Adella Gives 'Em Hella in CNN 'Pirates II' Debate

CHATSWORTH, Calif. — Digital Playground marketing director Adella appeared Thursday evening on CNN's "Prime News" to discuss the controversy surrounding a canceled student screening of Pirates II: Stagnetti's Revenge at the University of Maryland, College Park.

Right-wing anchor Mike Galanos moderated the face-off between Adella and state Sen. Andrew Harris, the GOP politician who pressured university administrators into canceling the show by threatening to deny state funds to any school showing porn outside of a classroom setting.

Galanos made his position clear when he proclaimed that X-rated movies are worse than crack cocaine. He leaned heavily on the argument that porn is "addictive" and "ruins lives" of innocent viewers.

Harris compared watching porn to smoking cigarettes. If smoking is banned on a campus where porn is screened, then the school's priorities are clearly askew, Harris argued.

Adella countered this hysterical blast of outraged rhetoric by pointing out that Pirates II does not cater to fantasies of degradation or the abuse of women as Harris implied. She went on to mention that the movie is the product of a female-operated company.

Adella also pointed out that neither of her ideological opponents had seen the movie, making their criticisms a case of contempt prior to investigation. Galanos dismissed this argument by claiming that he'd "seen the trailer".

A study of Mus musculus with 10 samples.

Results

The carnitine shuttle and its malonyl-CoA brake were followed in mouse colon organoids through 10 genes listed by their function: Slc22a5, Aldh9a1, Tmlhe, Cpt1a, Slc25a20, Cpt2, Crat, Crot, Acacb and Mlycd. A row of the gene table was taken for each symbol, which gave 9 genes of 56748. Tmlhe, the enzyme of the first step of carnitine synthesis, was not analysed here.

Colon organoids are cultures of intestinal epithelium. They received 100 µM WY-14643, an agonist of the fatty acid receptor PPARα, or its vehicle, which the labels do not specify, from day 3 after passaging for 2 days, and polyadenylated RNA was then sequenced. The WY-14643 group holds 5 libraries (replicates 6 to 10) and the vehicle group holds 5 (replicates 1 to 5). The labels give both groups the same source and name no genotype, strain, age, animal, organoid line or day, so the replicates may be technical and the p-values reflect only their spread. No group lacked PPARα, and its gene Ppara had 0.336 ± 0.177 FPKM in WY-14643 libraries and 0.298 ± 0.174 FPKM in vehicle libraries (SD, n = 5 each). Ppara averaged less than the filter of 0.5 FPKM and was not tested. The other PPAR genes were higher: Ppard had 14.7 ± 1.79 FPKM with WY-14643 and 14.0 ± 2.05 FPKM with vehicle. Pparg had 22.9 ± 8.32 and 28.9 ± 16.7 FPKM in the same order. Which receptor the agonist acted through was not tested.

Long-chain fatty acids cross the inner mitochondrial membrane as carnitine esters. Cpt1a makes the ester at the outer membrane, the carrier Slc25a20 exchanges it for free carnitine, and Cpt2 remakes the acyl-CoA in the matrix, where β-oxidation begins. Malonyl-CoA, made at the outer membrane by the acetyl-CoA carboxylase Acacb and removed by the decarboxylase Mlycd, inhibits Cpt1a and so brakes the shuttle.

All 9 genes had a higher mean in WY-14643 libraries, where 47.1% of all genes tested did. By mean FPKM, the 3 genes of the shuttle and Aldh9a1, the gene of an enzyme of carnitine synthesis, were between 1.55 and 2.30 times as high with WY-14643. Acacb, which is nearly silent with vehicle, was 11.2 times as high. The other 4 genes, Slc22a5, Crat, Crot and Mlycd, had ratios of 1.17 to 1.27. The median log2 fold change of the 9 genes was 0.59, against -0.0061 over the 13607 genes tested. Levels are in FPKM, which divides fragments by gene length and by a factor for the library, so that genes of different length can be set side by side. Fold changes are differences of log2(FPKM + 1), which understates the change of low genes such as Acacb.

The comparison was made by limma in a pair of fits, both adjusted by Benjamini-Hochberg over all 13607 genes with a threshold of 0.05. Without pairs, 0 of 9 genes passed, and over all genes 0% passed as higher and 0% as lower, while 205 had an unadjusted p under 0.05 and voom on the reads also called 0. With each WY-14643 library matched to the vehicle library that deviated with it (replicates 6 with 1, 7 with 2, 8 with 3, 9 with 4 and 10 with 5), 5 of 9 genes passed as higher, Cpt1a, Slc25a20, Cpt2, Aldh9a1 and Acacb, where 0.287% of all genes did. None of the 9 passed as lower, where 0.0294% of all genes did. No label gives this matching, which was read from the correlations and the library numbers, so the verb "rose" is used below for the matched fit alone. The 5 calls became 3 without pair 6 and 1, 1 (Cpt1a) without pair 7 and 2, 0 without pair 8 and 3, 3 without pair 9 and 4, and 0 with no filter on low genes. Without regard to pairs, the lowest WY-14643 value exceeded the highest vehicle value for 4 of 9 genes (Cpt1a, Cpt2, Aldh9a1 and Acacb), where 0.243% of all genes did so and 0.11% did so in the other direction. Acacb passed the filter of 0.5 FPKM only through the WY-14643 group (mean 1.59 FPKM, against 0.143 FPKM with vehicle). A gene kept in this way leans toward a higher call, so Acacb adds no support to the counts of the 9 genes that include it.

"I had a great time on CNN and relished the opportunity to engage in a discussion with those responsible for censoring consenting adults," Adella said. "It was empowering to educate the senator on the modern era of adult entertainment, including female owned and operated studios, female viewers, and the need to embrace sex."

Digital Playground has screened the Pirates films on campuses across the country without causing lung cancer, drug addiction, rape, or computer-generated booty raids.

The Pirates II controversy has attracted coverage by mainstream news outlets including: CNN, Fox, ABC, CBS, NBC, Washington Times, Washington Post, Baltimore Sun, Sacramento Bee,, Laura Ingraham Show, Australia's,, and numerous additional publications and blogs.

Adam Kissel, director of the Individual Rights Defense Program at the Foundation for Individual Rights in Education, told the Baltimore Sun that the legislature was "far out of line ... I think because of the autonomy that a public university ought to have versus the legislature, the president should not have canceled the film."

Samantha Lewis, Digital Playground's CEO said, "The whole idea for the university screenings came from our desire to provide a forum for students to openly discuss the topic of modern sexuality, gender roles, and adult entertainment. The screenings also allow for those unfamiliar but curious about adult entertainment to see a movie that is story and effect driven and appeals to numerous people."

To read more about the canceled screening in the Baltimore Sun, click here.